Oh I know. My best $$$ was thanks to that.
Hired for a copy paste job as a temp. Got bored. Learned VBA and Excel. Created an interactive report-maker tying together doctors and pharmacists with insurance plans per drug and competitors via district and territory with drilling down to the individual (anonymized) patient level, including sentiment analysis and whatever else they threw at me that they wanted to see and could give me a data source for somewhere in text.
They got a good deal for $17/hr (started at $11). They had to hire me because it was making money and I asked the max for my area as I didn’t want the job (and got it, which was more than $17/hr)
They tried to replace me with a “data cube” (Microstrategy). Two million dollars worth of consultant and a year later, they failed because they didn’t come to me for specs on how what I made worked. (They did it behind my back as much as they could – corporate culture).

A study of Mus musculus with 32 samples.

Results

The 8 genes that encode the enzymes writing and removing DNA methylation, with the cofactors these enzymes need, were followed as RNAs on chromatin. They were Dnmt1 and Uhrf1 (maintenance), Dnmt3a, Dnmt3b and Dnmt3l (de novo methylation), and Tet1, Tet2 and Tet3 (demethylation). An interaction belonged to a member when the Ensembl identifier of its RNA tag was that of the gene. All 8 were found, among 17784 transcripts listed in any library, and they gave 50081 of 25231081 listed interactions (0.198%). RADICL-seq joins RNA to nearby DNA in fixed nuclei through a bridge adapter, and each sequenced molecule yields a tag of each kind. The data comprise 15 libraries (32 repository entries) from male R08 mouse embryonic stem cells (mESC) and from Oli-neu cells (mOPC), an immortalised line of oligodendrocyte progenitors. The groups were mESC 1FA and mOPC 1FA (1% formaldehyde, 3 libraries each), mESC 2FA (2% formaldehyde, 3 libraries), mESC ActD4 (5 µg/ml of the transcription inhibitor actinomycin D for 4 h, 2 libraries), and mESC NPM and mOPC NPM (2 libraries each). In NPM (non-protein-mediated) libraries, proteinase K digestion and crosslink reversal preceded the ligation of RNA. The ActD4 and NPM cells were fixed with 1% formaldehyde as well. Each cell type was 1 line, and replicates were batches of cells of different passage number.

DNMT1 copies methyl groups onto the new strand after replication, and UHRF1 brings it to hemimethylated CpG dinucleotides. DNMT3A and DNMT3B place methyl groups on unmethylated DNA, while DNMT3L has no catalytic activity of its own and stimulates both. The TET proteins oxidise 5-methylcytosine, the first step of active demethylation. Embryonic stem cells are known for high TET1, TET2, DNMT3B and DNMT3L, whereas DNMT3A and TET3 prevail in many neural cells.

They were all “oh, we’ll put it on the web” – which required manual input one file at a time. My thing pulled in thousands of tiny little text files weekly so long as the mainframe people did their jobs and I did mine – and I checked for that too.
Anyway, I ended up moving to Florida with what I made. They continued using my disgusting Excel spaghetti code monstrosity for at least 8 more years for different products (I trained three people before I left), I never documented anything – nobody knew what I did as I had a silver push button “Go!” that generated individual reports that had their own code for interactivity and emailed them straight to 4000+ sales laptops.
Product of 1999-2002 ingenuity. A zillion years ago as I’m ancient.
Excel didn’t get respect then or now and I’m ok with that. It defies elitism and I like that quality. Who respects “the Excel guru?” business end, never IT dept – and nobody respects business people
I’ve only ever been good at prototyping things. Production quality is a completely different skillset.